Mixed feelings over US solar project | Shanghai Daily



A PLAN by an American company to build a huge solar power station in China's northern deserts may be a mixed blessing for the domestic industry.

First Solar Inc, the world's leading solar modules maker, earlier this month announced an agreement with the Chinese government to build a 2-gigawatt solar power plant in Ordos in Inner Mongolia Autonomous Region.

The project, while it shows China's commitment to a low-carbon future ahead of a key international climate summit in Copenhagen in December, and while it could significantly contribute to local economic growth, would effectively squeeze the market share for domestic solar module makers, whose manufacturing capacity already ranks as the world's biggest.

First Solar didn't say how much investment would be needed for the project, but a similar plant would cost US$5 billion to US$6 billion if built in the United States.

A 2GW capacity, enough to supply 3 million homes, is about 14 times China's total installed solar capacity as of last year. First Solar said the project will be completed by 2019. Industry officials have said China's target for solar installation would be up to 20GW by 2020.

That means the single project by First Solar could take a 10-percent market share in the Chinese market by then.

"As the project is implemented, it's highly likely that the market share of domestic solar cell manufacturers will be squeezed," said Yu Yaxin, an analyst at Changjiang Securities. "But it could also provide experience for China in building utility-scale solar projects."

The deal was signed in Arizona, where First Solar is based, during a visit by Wu Bangguo, China's top legislator.

Government officials have declined to discuss the potential impact of the project on domestic solar manufacturers, who number in the hundreds. About 10 companies dominate the industry.

A 2GW plant to be built solely by a foreign company may be too big in the domestic scheme of things, said Hu Runqing, associate research fellow at the Energy Research Institute under the National Development and Reform Commission.

Hu, who spoke on the sidelines of an energy forum in Shanghai last week, said she couldn't comment further on the issue on behalf of the commission, China's top economic planning agency.

Wind power

In the wind-power sector, China has imposed a minimum 70 percent local content requirement on equipment, which helped lift domestic makers' market share and prompted foreign players to set up plants here.

Hu said there was no similar requirement yet on the solar front.

Media reports have said domestic solar companies, including Suntech Power Holdings Co and Trina Solar Ltd, had expressed interest in the Ordos project.

In a press release, First Solar said it would "actively review the possibility of module and supplier manufacturing sites in Ordos, and other considerations required to support a First Solar investment."

First Solar's panels cost 87 US cents per watt because of its proprietary CdTe thin-film technology, versus about US$1.40 for other panels, according to Daiwa Securities.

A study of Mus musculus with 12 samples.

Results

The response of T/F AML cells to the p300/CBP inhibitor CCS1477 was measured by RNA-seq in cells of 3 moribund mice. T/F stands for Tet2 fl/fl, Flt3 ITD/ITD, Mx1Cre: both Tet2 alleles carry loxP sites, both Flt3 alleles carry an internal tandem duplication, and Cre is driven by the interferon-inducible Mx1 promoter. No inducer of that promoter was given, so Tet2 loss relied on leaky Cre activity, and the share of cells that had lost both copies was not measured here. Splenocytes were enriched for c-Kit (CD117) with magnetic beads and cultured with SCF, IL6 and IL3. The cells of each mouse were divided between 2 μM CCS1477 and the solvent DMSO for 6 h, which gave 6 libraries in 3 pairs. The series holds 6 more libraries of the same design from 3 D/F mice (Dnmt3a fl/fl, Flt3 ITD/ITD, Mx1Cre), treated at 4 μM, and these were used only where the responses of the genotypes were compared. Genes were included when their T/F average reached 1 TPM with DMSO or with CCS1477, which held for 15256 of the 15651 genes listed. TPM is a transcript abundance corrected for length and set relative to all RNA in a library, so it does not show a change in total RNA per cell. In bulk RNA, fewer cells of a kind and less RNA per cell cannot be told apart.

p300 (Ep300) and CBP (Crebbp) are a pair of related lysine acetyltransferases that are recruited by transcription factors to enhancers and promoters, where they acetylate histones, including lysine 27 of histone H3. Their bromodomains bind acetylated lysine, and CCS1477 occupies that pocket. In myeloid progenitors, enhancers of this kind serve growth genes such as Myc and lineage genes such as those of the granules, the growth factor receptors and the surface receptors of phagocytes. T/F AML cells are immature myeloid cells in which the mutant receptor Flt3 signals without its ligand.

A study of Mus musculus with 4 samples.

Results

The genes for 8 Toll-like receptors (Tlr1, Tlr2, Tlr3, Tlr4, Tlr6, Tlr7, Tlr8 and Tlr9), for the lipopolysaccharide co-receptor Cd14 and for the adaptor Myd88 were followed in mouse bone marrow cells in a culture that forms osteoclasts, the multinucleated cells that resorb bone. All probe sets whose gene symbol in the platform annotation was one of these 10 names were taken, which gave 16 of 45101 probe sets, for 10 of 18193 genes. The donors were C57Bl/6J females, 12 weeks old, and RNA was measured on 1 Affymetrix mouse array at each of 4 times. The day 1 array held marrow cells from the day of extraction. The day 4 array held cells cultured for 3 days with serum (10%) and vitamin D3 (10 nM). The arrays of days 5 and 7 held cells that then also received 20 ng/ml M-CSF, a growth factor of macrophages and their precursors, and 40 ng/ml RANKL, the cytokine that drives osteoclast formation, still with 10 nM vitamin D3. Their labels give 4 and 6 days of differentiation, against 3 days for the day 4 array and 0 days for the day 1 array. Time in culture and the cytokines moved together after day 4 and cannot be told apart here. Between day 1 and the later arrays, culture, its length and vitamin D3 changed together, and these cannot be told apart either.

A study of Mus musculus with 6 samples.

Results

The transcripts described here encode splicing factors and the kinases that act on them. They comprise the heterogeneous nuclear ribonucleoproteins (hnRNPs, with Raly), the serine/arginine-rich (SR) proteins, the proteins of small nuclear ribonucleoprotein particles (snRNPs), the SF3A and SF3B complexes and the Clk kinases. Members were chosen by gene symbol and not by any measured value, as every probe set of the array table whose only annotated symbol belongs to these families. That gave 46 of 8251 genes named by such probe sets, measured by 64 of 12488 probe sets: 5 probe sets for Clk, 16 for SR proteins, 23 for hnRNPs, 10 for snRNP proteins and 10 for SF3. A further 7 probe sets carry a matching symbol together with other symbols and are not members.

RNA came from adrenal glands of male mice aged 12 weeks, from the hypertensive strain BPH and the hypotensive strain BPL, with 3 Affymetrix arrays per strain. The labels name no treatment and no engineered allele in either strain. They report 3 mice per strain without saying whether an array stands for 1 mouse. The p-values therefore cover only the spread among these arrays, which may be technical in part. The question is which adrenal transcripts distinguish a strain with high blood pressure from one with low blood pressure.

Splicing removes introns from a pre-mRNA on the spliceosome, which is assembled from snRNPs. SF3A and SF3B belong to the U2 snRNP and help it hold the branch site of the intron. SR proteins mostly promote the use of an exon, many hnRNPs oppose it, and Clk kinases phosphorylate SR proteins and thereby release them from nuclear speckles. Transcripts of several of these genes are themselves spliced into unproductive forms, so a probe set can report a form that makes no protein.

But Chinese solar companies have been mainly focusing on incremental-cost reductions through scale and process improvements, rather than making a big leap by investing in new technology.

The government is sending a "wake-up call" to domestic solar companies by selecting First Solar for the 2GW plant over local players, Daiwa analyst Pranab Kumar Sarmah wrote in a research note.

Domestic solar module makers, who exported 98 percent of their products in 2007 and 2008, are now eager to explore the long under-developed domestic market. This comes amid a pullback in solar subsidies in Germany and Spain, the traditionally strong markets, and a dearth of credit for renewable energy projects amid the financial crisis.

Although China has rolled out several programs to subsidize the installation of solar panels this year to speed the development of the solar sector, the domestic market is not likely to take off in the absence of a national feed-in tariff.

A feed-in tariff guarantees the pricing of electricity produced by renewable sources so that such projects can be viable.

Hu said it took the government six years to decide on a national feed-in tariff for domestic wind-power projects. It will take less time for solar, but it may still take two years to evaluate more projects to better determine the costs.

Her comments may upset the industry.

Shi Zhengrong, founder and CEO of Suntech, said earlier he expects a national feed-in tariff will come before the end of this year.

Industry sources say there is concern within the National Development and Reform Commission about overinvestment and overcapacity should a feed-in tariff be rushed into implementation this year, a situation similar to what happened in Spain and is occurring in Germany.

First Solar said the Ordos project will operate under a feed-in tariff, which will be "critical" to its investment.

The American company is making a solid step in tapping the potentially huge Chinese market, and it's not bad news for all local manufacturers. Super white glass, used by First Solar in cell production, is an example.

Changjiang Securities' Yu estimates the Ordos project will spur demand for US$810 million of super white glass, with the Shanghai-listed industry leader Shandong Jinjing Science & Tech Co expected to be the biggest beneficiary.